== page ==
Review by Sean Boelman
Often, when an actor makes the transition into directing, their debut is something showy and suffering from a feeling of overindulgence. Maggie Gyllenhaal’s The Lost Daughter is a rare exception to that trend, a layered character study that has a subtle yet lingering impact on the viewer.
The film follows a professor on vacation in a coastal town in Italy as she reflects on her own past and trauma when she helps a family track down their daughter who wanders away. It’s the type of movie where the story itself isn’t that important, but the emotion it causes is what is of greater significance.
Much of the film’s conflict is explored through flashbacks, and while this can be an overused narrative device, it works extremely well here. Cutting between the present and the past really emphasizes the feelings of regret that drive much of the movie. The result is that Gyllenhaal quite effectively makes the audience feel uncomfortable.
This is a very intimate, rich script, and that is a big part of what makes it successful. The film is obviously an exploration of motherhood, and what the movie has to say in that regard is interesting, but it is even more intriguing as an exploration of remorse. There is a lot going on in this for something that seems so simple.
The character development is very layered as well. The protagonist is initially likable before becoming someone much more complicated, but Gyllenhaal makes her compelling even if some of the decisions she makes are frustrating. The supporting characters are the opposite way, initially unlikable but later warming to the audience.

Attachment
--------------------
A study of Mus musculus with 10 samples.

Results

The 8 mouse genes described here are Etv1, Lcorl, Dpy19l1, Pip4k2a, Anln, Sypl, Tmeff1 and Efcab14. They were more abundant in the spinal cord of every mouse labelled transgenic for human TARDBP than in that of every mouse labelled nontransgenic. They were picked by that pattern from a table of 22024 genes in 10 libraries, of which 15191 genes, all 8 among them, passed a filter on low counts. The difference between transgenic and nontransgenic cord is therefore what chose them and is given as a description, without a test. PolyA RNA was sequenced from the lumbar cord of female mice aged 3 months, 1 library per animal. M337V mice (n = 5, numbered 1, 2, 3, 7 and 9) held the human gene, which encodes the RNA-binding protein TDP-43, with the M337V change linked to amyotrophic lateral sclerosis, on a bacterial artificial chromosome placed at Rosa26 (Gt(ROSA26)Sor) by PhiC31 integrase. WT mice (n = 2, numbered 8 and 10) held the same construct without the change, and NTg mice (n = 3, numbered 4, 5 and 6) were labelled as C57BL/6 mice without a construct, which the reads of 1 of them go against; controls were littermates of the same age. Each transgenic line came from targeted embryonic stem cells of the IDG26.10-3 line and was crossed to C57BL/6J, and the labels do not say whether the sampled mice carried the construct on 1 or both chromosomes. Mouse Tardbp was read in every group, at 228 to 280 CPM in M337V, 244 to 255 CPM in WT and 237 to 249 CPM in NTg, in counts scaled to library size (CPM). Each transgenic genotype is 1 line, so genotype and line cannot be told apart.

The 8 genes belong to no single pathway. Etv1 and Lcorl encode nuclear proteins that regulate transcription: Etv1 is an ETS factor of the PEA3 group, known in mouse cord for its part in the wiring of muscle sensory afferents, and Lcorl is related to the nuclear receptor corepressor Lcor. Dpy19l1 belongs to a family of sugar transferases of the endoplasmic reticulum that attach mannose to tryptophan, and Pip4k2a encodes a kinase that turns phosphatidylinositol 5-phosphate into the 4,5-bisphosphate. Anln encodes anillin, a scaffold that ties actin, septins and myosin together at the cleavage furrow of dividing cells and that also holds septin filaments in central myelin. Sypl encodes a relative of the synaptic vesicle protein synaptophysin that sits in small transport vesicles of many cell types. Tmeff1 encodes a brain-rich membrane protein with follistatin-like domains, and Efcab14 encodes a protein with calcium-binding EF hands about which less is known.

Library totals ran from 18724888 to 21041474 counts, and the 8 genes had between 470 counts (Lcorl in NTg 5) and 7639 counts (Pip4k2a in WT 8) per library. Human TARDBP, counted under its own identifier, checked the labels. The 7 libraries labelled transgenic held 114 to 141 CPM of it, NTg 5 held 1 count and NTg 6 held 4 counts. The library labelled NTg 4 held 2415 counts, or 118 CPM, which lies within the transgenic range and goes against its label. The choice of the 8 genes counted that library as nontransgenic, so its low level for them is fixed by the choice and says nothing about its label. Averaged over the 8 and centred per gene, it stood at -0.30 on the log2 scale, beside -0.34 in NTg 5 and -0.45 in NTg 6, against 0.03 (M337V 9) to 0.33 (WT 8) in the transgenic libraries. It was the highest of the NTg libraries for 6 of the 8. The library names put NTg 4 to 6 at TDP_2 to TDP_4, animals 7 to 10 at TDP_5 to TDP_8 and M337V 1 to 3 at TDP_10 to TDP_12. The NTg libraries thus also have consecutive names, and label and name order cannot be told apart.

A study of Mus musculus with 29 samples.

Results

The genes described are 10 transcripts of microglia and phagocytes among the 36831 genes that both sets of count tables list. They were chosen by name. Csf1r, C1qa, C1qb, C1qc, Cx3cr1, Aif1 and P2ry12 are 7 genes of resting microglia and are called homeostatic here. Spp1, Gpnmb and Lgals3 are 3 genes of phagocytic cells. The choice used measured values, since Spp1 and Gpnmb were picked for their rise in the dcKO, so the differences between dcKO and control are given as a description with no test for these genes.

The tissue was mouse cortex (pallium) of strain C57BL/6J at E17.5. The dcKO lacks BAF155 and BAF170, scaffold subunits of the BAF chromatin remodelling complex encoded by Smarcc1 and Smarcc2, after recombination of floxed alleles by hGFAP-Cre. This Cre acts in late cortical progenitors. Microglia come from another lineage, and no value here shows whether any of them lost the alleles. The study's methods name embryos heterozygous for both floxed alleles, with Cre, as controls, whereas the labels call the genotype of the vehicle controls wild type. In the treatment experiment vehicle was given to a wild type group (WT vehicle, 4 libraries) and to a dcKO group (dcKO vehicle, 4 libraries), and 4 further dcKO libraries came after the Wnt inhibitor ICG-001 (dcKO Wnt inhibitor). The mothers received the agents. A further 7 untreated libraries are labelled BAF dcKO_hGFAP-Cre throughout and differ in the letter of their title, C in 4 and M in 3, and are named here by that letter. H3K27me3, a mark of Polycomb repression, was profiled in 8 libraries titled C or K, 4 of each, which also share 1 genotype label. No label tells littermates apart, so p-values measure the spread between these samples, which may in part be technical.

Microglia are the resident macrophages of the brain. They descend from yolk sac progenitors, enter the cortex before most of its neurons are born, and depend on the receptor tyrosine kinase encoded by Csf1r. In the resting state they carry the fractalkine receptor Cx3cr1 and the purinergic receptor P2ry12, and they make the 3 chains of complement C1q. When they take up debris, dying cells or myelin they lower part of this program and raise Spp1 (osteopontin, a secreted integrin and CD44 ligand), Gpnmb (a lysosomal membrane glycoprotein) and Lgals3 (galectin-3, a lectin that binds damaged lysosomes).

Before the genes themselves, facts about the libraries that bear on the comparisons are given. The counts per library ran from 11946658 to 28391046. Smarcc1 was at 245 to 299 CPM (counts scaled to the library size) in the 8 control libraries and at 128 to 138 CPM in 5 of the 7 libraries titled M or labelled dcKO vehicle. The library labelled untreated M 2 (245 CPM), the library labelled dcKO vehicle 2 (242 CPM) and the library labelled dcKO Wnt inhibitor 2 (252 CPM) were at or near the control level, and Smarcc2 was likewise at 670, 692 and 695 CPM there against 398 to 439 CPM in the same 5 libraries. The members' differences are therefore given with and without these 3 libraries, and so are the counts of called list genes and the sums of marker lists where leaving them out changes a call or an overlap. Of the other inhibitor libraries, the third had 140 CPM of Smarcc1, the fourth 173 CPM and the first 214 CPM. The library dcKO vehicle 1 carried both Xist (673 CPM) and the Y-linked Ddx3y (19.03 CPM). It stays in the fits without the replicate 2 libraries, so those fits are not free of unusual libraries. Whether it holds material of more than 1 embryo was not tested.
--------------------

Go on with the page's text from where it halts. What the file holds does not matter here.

Olivia Colman is one of the greatest performers working today, and her performance here is yet another bright spot on her resume. She knocks it out of the park with a turn that is quiet, yet commanding, matching the understatedly brilliant nature of the film. Somehow Dakota Johnson also holds her own against Colman, providing a great counter to her.
The cinematography by Hélène Louvart is gorgeous, capturing the beautiful Italian vistas wonderfully. This is really the only area of the movie in which Gyllenhaal allows herself to indulge in artistry, as it’s perhaps too pretty of a film for the material, but it also lends itself to a hypnotic feel which is quite immersive.
The Lost Daughter isn’t the type of movie that leaves you blown away, but rather, one that is restrained in its brilliance. It’s a fabulous directorial debut for Maggie Gyllenhaal, and it will be exciting to see where she goes from here.
The Lost Daughter hits theaters on December 17 and Netflix on December 31.